CHARLOTTE – Will there be a Blue Wave? Or will a Red Tide rule the election day results? Whatever happens, a close race for North Carolina 9th District U.S. House seat between Democrat Dan McCready and Republican Mark Harris will be on the shortlist of races to focus on for political pundits. The seat is currently held by milquetoast Republican Rep. Robert Pittenger, who was beat by Harris in May’s primary, meaning the seat is open and could potentially contribute to erosion of GOP control of the House if Harris loses.
McCready is a former U.S. Marine who later took advantage of Big Government policies to establish a successful solar business. He talks the talk of a moderate, reasonable Democrat, but his walk to Capitol Hill will inevitably conclude in taking marching orders from Nancy Pelosi, whether she is Speaker or not.
Harris is a longtime pastor that talks a good conservative game. Whether he follows through on the rhetoric in congress is a question mark, but one thing is clear – he’d be a better voter than McCready on key issues facing the country. The latter calls the former “extreme,” which is a positive for Harris from a conservative’s perspective. ‘Extreme’ labels from those on the Left usually mean the target is actually a common sense leader prepared to stand up for the constitution.
Trending: House unveils new NC budget. Here’s what’s inside:
From the Charlotte Observer on the debate:
“The night began with the candidates being asked if, to address the nation’s sky-high debt, they would support raising taxes or cutting spending, and if so where. Straightforward enough.
Harris went first. There “have to be some serious discussions” and “conversations have to be held.” “We’ve got to look at those areas and see where we’re going to be able to make the greatest adjustments.”
McCready said only that Trump’s tax cuts made the deficit worse (which, while true, does not begin to answer the question).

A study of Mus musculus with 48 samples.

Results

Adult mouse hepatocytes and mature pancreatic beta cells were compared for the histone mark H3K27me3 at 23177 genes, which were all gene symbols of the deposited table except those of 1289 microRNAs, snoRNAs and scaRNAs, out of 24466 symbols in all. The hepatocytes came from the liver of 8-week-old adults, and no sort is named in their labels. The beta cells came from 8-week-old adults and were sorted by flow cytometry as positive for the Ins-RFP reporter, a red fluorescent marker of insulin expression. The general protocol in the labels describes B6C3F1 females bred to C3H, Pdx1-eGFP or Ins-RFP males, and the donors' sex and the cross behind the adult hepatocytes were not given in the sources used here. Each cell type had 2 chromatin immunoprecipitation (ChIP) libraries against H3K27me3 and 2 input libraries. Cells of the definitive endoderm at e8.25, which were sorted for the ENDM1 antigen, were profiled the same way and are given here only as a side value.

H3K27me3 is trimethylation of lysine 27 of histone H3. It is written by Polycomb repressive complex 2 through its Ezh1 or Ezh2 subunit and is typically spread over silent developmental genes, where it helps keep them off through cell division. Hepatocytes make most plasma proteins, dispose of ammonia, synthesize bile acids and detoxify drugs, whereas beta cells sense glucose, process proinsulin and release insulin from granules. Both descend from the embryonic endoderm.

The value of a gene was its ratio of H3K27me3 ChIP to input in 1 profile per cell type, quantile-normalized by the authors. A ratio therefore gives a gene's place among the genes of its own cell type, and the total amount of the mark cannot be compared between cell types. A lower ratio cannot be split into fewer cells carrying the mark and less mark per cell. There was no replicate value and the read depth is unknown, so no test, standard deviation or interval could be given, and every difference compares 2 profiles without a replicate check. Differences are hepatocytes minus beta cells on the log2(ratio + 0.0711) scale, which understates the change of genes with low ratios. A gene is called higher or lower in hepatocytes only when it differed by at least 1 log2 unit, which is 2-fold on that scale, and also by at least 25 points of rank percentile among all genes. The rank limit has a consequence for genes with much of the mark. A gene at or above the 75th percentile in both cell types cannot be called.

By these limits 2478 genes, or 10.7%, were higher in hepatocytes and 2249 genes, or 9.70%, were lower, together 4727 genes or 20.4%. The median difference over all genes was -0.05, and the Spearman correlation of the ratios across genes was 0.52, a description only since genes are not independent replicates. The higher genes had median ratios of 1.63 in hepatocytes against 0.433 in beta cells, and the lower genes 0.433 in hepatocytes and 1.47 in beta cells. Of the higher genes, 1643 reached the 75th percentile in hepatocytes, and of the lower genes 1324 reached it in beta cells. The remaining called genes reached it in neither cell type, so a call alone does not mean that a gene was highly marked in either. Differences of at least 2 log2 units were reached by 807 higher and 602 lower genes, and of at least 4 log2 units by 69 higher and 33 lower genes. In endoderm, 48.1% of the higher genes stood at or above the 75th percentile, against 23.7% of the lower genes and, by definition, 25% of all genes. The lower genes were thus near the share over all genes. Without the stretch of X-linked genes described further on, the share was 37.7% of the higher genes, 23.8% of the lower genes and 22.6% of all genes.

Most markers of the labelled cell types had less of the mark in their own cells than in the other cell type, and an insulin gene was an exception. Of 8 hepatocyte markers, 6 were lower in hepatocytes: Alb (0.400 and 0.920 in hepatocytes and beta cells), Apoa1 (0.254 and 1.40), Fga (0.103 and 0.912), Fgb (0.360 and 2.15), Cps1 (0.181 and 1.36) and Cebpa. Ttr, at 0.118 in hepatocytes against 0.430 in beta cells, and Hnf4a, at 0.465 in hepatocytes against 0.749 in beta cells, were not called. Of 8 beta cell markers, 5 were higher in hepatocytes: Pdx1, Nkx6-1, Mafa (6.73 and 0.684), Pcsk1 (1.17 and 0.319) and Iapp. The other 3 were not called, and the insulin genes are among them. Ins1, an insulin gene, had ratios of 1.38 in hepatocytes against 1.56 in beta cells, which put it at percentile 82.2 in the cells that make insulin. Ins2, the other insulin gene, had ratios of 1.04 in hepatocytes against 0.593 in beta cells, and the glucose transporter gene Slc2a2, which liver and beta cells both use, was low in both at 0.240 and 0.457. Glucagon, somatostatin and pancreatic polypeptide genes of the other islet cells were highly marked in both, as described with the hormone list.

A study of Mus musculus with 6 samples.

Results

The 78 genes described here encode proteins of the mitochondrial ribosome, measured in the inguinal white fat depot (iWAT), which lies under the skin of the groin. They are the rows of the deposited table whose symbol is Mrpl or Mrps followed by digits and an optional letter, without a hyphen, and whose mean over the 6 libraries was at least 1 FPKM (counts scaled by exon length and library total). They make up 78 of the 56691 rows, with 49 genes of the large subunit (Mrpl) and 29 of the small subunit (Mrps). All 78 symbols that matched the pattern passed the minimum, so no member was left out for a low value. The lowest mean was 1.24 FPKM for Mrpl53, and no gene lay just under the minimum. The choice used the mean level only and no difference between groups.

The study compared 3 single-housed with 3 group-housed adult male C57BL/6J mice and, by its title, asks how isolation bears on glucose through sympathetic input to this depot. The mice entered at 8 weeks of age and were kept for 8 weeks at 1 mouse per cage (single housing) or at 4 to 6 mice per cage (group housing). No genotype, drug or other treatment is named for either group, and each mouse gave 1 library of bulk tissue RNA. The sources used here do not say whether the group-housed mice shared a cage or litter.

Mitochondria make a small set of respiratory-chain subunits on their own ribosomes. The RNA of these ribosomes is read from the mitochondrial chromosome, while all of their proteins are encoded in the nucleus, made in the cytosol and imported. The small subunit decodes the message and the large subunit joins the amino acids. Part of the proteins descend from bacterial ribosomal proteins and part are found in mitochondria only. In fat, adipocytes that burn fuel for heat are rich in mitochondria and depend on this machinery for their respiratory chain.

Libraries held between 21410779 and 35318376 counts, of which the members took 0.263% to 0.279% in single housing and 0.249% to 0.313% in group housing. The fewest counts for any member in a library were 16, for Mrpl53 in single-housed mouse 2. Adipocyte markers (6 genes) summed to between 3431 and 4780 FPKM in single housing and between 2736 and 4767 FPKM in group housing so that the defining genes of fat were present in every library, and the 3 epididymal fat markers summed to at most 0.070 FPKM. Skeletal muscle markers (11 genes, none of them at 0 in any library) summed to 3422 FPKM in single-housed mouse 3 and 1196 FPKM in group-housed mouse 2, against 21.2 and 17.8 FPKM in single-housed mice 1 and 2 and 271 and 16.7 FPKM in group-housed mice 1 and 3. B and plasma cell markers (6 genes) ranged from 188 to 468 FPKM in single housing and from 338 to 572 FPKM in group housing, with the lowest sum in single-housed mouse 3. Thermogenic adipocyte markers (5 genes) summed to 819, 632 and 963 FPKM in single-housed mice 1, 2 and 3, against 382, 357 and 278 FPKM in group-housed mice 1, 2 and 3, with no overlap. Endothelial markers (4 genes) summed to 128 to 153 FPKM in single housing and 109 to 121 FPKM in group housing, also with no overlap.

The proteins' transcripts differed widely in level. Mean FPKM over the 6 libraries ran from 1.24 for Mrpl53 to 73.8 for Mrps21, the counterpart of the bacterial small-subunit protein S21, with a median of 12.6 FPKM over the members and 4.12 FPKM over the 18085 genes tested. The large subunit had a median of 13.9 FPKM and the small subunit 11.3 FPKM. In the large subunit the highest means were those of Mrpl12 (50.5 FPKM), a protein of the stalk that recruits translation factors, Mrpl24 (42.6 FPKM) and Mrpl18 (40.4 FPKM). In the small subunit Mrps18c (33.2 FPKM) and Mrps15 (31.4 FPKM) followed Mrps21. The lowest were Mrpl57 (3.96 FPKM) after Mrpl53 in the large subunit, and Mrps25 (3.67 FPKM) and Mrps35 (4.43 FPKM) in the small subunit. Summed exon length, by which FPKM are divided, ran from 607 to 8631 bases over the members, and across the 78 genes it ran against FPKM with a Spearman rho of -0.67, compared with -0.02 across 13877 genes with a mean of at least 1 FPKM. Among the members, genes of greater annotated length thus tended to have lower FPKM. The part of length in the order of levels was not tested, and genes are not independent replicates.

Asked what the federal government could do to address $1.5 trillion in student loan debt, McCready did not answer and talked about teacher pay, Republicans destroying public education and Harris wanting to abolish the Department of Education. Harris sort of answered, and weakly, saying students could go to community college to avoid racking up debt.”
True to the Observer’s depiction, the debate was heavy on platitudes and light on details, but what do we really expect of politicians these days? Ultimately it comes down to whether or not a candidate will support this governing philosophy or that one, and do they have the spine to actually follow through on promises when the pressure is on.
The difference between political parties may often be woefully small,considering they all like to spend us into oblivion and concoct Big Government solutions for Big Government problems. However, to say the parties are parallels whose governing philosophies get us to the same place is inaccurate.
We’ve seen over the last two years or so what an unabashed approach to government can do to invigorate the economy and global status. We’ve also seen how increasingly desperate Democrats have become as they lurch further and further Left. That is to say nothing of the descent into mob mentality they commonly stoke and rationalize.
No, while detailed answers may have been missing on both sides of this debate, the difference is quite clear for anyone paying attention. Harris, to an undetermined degree, will put a wind at the back of the Trump agenda, and McCready will be cog in the wheel of the runaway Democratic machine with social justice warriors controlling the throttle.